These summer stone fruits are more alike than they are different.

By Melanie Fincher
April 28, 2020

Summertime comes along and brings a bounty of fresh summer stone fruit, notably, peaches, nectarines, and apricots. All of these fruits are similar in color and shape. So what's the difference between these seasonal delicacies? Truth is, they have a good bit in common, but a few key factors set them apart. Keep reading to learn the difference between these fruits, and more importantly, how to cook with them.

The Difference Between Peaches and Nectarines

It's no wonder we get these two summer fruits confused — they're almost identical genetically. The main difference between the two is peaches have a fuzzy coating, while nectarines are completely smooth without any coating. This difference is due to a gene variant between the two fruits.

Peaches originated in Asia and were later cultivated in North America. Nectarines were born out of an effort to breed heartier varieties in California in the 1940s and '50s.

So, what does all this mean for cooking? For the most part, peaches and nectarines can be used interchangeably. However, the signature fuzzy skin on peaches can get tough when cooked, which is why it's often removed before baking or use in jams. Nectarines on the other hand have a thinner skin, making them better when you don't want to go through the extra effort of peeling.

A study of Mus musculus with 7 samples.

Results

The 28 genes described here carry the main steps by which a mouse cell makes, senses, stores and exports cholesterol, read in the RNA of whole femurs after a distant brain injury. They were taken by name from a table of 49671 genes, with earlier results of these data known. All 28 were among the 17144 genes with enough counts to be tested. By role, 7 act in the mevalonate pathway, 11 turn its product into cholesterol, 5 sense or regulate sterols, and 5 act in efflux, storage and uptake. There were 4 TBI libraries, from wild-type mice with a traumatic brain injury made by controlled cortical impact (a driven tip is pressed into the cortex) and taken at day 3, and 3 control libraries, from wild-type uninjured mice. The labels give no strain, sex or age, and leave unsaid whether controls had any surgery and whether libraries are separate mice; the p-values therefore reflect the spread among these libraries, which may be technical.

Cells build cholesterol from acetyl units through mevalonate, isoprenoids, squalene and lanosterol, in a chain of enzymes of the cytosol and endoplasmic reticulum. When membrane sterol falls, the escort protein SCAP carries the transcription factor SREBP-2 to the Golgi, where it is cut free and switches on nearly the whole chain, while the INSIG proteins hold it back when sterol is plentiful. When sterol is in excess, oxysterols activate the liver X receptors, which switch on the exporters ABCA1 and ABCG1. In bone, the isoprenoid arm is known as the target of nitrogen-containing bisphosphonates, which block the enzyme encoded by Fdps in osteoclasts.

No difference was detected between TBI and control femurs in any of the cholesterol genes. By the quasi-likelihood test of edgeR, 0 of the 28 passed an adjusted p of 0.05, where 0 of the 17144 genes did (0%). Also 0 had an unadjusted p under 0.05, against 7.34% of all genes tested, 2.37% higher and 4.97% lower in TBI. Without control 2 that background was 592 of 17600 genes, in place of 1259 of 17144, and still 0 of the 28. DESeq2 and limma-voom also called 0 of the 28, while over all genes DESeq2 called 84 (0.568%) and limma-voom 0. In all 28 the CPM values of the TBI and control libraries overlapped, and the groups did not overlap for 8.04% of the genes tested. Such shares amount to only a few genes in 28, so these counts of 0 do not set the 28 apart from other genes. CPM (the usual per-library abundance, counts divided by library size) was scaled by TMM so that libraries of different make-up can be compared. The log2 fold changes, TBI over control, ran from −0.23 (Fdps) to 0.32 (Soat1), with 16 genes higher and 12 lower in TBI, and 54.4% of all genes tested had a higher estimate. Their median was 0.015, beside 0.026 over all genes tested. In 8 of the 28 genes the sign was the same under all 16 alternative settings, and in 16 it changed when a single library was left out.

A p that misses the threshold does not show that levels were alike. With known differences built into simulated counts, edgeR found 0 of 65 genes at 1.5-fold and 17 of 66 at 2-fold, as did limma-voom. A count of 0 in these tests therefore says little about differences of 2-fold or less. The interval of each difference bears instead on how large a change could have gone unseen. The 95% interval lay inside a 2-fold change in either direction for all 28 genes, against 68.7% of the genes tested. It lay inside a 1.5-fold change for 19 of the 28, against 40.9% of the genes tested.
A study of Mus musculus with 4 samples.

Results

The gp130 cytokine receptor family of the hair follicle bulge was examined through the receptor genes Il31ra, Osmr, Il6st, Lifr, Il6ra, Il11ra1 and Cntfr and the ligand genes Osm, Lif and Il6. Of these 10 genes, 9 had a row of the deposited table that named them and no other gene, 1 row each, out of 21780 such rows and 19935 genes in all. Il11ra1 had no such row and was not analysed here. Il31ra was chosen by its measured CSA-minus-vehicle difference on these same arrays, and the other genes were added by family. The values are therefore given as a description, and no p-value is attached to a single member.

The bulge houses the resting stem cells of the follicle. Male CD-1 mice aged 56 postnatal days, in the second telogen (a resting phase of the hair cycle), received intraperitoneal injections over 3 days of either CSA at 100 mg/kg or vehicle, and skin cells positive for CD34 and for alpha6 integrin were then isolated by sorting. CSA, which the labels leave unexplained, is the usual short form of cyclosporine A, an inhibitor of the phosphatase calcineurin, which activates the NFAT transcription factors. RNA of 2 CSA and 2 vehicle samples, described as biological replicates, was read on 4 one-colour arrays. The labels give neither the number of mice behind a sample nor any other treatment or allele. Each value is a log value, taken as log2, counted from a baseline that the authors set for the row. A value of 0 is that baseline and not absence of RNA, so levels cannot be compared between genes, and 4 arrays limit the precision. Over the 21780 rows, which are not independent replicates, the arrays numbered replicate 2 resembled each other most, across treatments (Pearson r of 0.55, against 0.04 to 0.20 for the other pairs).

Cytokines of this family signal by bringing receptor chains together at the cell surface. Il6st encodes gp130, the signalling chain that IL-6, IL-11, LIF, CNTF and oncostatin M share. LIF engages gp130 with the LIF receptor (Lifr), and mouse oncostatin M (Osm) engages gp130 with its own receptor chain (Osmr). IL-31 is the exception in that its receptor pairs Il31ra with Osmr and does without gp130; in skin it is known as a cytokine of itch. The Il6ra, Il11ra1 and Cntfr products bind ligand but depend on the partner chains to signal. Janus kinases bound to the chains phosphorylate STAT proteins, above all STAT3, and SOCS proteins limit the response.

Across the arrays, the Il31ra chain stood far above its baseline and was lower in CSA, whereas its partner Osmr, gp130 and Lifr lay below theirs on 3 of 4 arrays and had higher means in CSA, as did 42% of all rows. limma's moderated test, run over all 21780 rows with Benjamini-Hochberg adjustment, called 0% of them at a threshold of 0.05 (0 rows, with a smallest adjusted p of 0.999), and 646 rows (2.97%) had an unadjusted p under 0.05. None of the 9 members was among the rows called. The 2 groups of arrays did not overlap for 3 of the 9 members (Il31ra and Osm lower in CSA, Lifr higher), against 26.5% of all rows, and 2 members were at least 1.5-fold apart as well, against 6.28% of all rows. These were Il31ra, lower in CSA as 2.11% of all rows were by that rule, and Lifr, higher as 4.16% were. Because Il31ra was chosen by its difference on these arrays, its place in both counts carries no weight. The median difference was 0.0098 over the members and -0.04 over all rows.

The Difference Between Peaches and Apricots

The main physical difference between peaches and nectarines vs. apricots comes down to size. Apricots are only about a quarter of the size of a peach. But they resemble peaches in that they have fuzzy skin and similar shape and color.

However, apricots are an altogether different species than peaches and nectarines. Peaches, nectarines, and apricots all belong to the rose family (as do apples, pears, and almonds). But while peaches and nectarines are the same species, apricots are not.

In terms of taste, apricots aren't as sweet or juicy as peaches and nectarines, due to their lower sugar and water content. They also have a bit of tartness due to their levels of malic acid.

Can You Substitute One for the Other?

Despite the differences in taste and texture, apricots, peaches, and nectarines can all be used interchangeably in recipes, although nectarines and peaches sub more easily for one another than apricots.

Keep in mind that if you're substituting apricots for peaches or nectarines, you may have to add slightly more liquid, sugar, and fruit to your recipe to accommodate for their small size and low levels of sugar and water. Whatever summer stone fruit you reach for this summer, there are endless possibilities from jams, desserts, salads, smoothies, and more.